Just a few weeks after André Balazs bought the Chateau Marmont — he reportedly paid a little over $12 million for the 61-year-old, 63-room hotel in 1990 — he ran into legendary photographer Helmut Newton and his wife, June, in the lobby. The couple had been living part-time at the hotel for about three years.
“I introduced myself as the new owner, and we sat down and Helmut leaned back in the sofa,” Balazs recalls in an exclusive interview with Variety from his farm in upstate New York. “He starts telling me, ‘André, I’m so delighted to meet you, but whatever you do, don’t f— it up. Don’t f— up the hotel. It’s perfect.’ And as he’s saying that the sofa seam rips and a spring pops out.”
While Newton may have been enamored with the Chateau’s history and old Hollywood charm, Balazs knew things had to change. “At that point, they had no liquor license and the only edible thing on the menu was the tuna fish melt. But I made it my mission not to ‘f— it up,’” says Balazs, whose portfolio also includes London’s Chiltern Firehouse, The Mercer in New York City and Sunset Beach on Shelter Island, N.Y.
For the next two decades, Newton (who died in an accident in 2004 when the car he was driving hit a wall on Sunset Boulevard just outside the hotel) would regularly praise Balazs. “He’d say, ‘André, I’m so glad you didn’t do anything,’” Balazs says. “Meanwhile, every single surface had been touched and redone. People still say, ‘This place has never changed.’ But everything has changed.”
Now the 63-year-old Balazs has plans to re-envision the Chateau in ways no one in Hollywood saw coming, announcing late last month that the hotel will be transformed into a private club by the end of 2020.
While Balazs will retain majority ownership, the hotel will now be member-owned in the form of property shares. Membership prices haven’t been announced, but perks will include personal butler service, extended-stay bookings and the option to store belongings at the hotel year-round.
As the pandemic decimated the hotel and travel business, the hotelier came under fire early on when he let go most of the Chateau staff, who were not contracted to receive severance packages or extended health insurance due to their nonunion status.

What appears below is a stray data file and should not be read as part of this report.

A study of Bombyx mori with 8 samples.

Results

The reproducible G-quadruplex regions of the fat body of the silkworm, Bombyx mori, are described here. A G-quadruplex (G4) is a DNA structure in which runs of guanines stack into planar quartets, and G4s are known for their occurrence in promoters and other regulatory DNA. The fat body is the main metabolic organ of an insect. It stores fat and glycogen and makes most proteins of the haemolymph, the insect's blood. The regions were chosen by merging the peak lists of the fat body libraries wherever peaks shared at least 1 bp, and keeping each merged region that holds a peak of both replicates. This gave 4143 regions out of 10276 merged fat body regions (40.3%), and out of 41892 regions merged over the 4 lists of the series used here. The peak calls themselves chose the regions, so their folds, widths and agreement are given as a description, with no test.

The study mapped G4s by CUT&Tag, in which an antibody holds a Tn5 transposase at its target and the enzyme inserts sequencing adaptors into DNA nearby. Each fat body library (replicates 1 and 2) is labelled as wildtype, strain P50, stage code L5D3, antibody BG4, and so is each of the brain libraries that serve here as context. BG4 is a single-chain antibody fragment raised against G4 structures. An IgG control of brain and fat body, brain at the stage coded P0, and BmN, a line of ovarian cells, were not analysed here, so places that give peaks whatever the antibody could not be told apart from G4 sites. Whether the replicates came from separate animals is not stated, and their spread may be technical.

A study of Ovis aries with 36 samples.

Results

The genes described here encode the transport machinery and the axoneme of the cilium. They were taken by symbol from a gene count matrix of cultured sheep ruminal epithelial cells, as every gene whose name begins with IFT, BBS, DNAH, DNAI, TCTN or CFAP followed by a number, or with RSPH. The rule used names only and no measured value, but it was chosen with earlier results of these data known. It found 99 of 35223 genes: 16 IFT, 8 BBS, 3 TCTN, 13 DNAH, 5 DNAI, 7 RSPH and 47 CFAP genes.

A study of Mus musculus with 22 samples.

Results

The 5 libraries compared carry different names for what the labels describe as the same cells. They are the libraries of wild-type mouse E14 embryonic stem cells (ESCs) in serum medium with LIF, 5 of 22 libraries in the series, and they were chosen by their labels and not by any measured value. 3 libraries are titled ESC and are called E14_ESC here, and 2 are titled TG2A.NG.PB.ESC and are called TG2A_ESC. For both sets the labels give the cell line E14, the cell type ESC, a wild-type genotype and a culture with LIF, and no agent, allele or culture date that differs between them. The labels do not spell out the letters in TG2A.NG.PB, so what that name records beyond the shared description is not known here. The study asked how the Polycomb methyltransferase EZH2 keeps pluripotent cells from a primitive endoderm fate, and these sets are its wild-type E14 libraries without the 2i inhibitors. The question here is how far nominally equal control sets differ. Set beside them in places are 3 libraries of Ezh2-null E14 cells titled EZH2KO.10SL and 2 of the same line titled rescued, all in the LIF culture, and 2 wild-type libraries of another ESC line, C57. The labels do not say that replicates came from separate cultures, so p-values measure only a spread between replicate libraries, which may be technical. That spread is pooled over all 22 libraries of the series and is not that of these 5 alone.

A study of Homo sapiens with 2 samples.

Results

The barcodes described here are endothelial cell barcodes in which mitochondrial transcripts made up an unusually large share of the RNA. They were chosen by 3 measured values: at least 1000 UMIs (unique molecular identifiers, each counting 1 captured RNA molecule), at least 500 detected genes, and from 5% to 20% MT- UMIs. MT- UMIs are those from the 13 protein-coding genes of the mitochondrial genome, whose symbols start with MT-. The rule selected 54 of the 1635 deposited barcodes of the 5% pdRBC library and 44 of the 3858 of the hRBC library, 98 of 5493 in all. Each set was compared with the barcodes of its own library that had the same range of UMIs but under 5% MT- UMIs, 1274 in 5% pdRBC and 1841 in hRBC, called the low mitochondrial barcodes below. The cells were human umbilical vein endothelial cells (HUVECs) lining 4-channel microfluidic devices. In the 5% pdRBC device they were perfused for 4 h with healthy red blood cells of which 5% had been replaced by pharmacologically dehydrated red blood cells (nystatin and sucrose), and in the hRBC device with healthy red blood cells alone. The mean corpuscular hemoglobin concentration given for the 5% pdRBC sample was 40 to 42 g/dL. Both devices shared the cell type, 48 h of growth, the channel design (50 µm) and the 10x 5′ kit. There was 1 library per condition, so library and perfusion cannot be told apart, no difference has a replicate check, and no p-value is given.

“The hotel industry as it’s been known is unlikely to come back for maybe two-and-a-half years,” says Balazs, who counters that he did nothing wrong except for being one of the first hoteliers to lay off staff. (He eventually donated $100,000 to be distributed among the former employees.)
Reducing the staff wasn’t just based on economics. No business decision is made today, no matter the industry, without considering health and safety precautions.
“Knowing who people are, encouraging proper social behavior, setting up a place physically that supports that social behavior and then training staff in an extremely disciplined way to support that, I think it’s the only way forward for this industry,” Balazs explains. “It just so happens that’s basically what we’ve been doing anyway, except the safety that we used to provide was discretion. Now it’s discretion and health.”
Balazs believes there is and there will be a demand for a members-owned Chateau. “So the business plan, as it were, is to recognize more and more people would rather live in a hotel, which is not atypical,” he explains. “I mean, this was also what the super-wealthy did at the turn of the century. You’d have your country house, and then you’d have your suite at the Pierre or the Carlyle in New York, for example. And that was also true in London and in other places in Europe…Howard Hughes, who certainly had plenty of other places to live, also lived at the Chateau for periods of time.”
However, that doesn’t mean that “regular” people will be barred from the premises. At least one restaurant will be available to nonmembers, and the lobby and garden will likely still be available to rent — when it’s safe to do so — for red carpet events and parties.
“Chateau Marmont is not going to be closed to the public,” Balazs says. “It’s not like we’re witnessing the closing of an era. What we’re witnessing is the opening of another era, where something that has always been private now just has an inner sanctum that’s even more private.”
The hotel never just an investment for Balazs. “I’ve never viewed myself as the owner of the Chateau,” he says. “I’m the custodian of an institution.”
That transformation is set to be captured in a documentary about the historic landmark, which Balazs began shooting about five years ago. “We’ve filmed hundreds of hours of footage with people like Gore Vidal,” he says. “Jane Fonda told me, ‘Oh, my God, André, let me give you all the footage I have. I used to live here. I’ve got film footage.” No director is attached. “I don’t know if it’s a movie or if it’s a series,” he says. “J.J. Abrams wanted to make it a Netflix series. I’m not sure what to do with it.”
He also said, “It’s almost safe to say, I think, that the Chateau Marmont has become somehow a living embodiment of Hollywood and a symbol of Hollywood, even more powerful than the Hollywood sign itself.”
For now, talk of the privatization inevitably turns to a walk down memory lane.
Lena Waithe recently recalled one of her favorite experiences at the Chateau. She was attending an Amazon post-Emmys party when Evan Ross told her someone wanted to meet her poolside. “It was Dave Chapelle,” Waithe tells Variety. “He was smoking a cigarette, and we chatted a little bit. I said something that made him laugh that I cannot repeat. I love the Chateau. I just hope they’ll still let me in.”